I have to say that until I started studying lace, I never really noticed that there were so many ways of creating a left slanting decrease (\), whereas a right slant (/) is always done using K2tog.
Then the questions came: Is there a difference between the look of a SSK, SKPO and Ktog tbl? Why are there so many different ways of making this decrease? And (just to be a devil), what happens if you slip purlwise instead of knitwise?
In the end, I decided to do an exercise to see:
The exercise has yielded interesting results. As you can see, there is a certain difference to the stitches, but not too much.
The conclusion is that it must be a matter of designer preference or convenience as to why a certain method is selected. A SKPO looks the same however you slip the stitches. SSK needs to be done properly (stitches slipped knitwise) if you want a clean-looking stitch that mirrors the K2tog panel on the other side. A purlwise SSK or a K2tog through the back loops will give you a much thicker looking slant, I think due to the twisted stitches.
Just to test my findings, I did one more exercise:
I’m afraid that my camera does not seem to like photographing detail in this wool (I think I’m going to have to change my choice of test yarn to a worsted spun that produces a crisper look). I’ve upped the contrast significantly to show up the lace twists, so I hope it looks on your screen.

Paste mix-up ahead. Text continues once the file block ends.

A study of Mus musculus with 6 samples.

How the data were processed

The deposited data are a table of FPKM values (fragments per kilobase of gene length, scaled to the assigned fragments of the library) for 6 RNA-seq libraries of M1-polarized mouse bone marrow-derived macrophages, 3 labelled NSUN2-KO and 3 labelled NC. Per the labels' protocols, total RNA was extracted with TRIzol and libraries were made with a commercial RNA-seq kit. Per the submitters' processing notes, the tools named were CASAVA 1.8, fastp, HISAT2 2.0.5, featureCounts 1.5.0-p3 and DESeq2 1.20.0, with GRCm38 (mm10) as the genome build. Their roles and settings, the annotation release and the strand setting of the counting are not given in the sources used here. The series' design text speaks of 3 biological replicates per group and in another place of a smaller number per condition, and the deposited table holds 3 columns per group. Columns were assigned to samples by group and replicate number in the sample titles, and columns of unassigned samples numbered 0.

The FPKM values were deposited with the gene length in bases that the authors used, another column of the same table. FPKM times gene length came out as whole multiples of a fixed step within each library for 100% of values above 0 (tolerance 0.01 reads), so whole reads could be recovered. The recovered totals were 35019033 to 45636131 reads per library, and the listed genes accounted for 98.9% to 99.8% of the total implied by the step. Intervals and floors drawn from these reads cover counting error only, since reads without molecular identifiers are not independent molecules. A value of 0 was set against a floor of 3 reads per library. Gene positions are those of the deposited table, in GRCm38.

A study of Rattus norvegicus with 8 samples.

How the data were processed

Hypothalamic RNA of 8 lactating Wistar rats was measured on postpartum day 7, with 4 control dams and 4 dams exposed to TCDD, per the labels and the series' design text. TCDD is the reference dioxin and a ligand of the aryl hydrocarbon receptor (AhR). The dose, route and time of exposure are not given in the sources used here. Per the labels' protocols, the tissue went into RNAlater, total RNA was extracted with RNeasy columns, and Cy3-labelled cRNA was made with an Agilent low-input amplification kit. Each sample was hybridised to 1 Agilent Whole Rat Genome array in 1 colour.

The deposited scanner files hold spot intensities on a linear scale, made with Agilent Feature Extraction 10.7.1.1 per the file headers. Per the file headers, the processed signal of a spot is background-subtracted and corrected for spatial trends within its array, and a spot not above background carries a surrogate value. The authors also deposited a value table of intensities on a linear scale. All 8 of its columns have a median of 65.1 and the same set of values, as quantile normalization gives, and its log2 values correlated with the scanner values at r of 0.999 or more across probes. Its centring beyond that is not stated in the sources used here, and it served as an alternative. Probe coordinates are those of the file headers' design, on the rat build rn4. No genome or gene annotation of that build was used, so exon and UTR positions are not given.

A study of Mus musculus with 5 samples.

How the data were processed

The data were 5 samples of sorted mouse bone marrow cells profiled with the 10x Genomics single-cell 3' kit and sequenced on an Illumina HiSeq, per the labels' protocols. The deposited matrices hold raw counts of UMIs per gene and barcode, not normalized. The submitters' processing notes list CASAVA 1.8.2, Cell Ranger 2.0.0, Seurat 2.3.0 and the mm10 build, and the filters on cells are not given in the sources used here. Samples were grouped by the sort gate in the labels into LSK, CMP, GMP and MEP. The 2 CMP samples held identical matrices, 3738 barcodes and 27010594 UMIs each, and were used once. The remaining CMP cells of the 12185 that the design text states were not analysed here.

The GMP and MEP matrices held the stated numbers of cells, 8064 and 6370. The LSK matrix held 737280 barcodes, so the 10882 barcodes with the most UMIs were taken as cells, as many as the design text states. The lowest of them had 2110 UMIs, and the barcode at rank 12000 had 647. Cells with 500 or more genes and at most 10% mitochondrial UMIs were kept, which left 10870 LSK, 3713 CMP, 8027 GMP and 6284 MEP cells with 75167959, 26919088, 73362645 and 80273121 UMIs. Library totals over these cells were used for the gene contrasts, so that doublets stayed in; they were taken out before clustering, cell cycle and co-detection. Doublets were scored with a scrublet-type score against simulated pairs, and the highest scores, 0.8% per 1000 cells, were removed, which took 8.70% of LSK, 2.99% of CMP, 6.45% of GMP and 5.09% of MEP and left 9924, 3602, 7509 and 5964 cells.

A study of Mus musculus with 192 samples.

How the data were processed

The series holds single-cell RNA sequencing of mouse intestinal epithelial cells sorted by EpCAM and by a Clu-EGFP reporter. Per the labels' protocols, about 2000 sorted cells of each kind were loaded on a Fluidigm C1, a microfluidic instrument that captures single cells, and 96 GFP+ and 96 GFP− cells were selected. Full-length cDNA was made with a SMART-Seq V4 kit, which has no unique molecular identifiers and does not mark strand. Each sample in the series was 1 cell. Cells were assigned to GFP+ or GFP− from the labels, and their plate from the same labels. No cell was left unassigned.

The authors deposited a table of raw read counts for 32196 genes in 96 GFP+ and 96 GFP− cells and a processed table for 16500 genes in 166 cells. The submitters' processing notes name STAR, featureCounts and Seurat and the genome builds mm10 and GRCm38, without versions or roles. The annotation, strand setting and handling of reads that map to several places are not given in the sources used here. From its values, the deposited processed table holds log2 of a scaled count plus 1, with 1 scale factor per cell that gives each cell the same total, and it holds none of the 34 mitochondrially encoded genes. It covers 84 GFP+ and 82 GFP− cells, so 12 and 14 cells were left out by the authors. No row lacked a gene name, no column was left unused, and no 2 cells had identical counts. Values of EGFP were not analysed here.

The left slants in the two left hand panels are produced using a SKPO. The right hand panels are produced using K2tog tbl.
The size of the YO holes are the same in both techniques. The K2tog tbl produces a slightly straighter and fatter slant than the SKPO. But really, there’s not much difference.
My conclusion is that K2tog tbl is the same as SSK and SKPO, but you might want not want to use it if you are producing a netting-style lace, as the thicker slant is much more noticeable when used to produce a continuous line.
In terms of how this has affected my knitting, I am now able to read a lace chart without having to constantly check the key. A significant improvement from my point of view!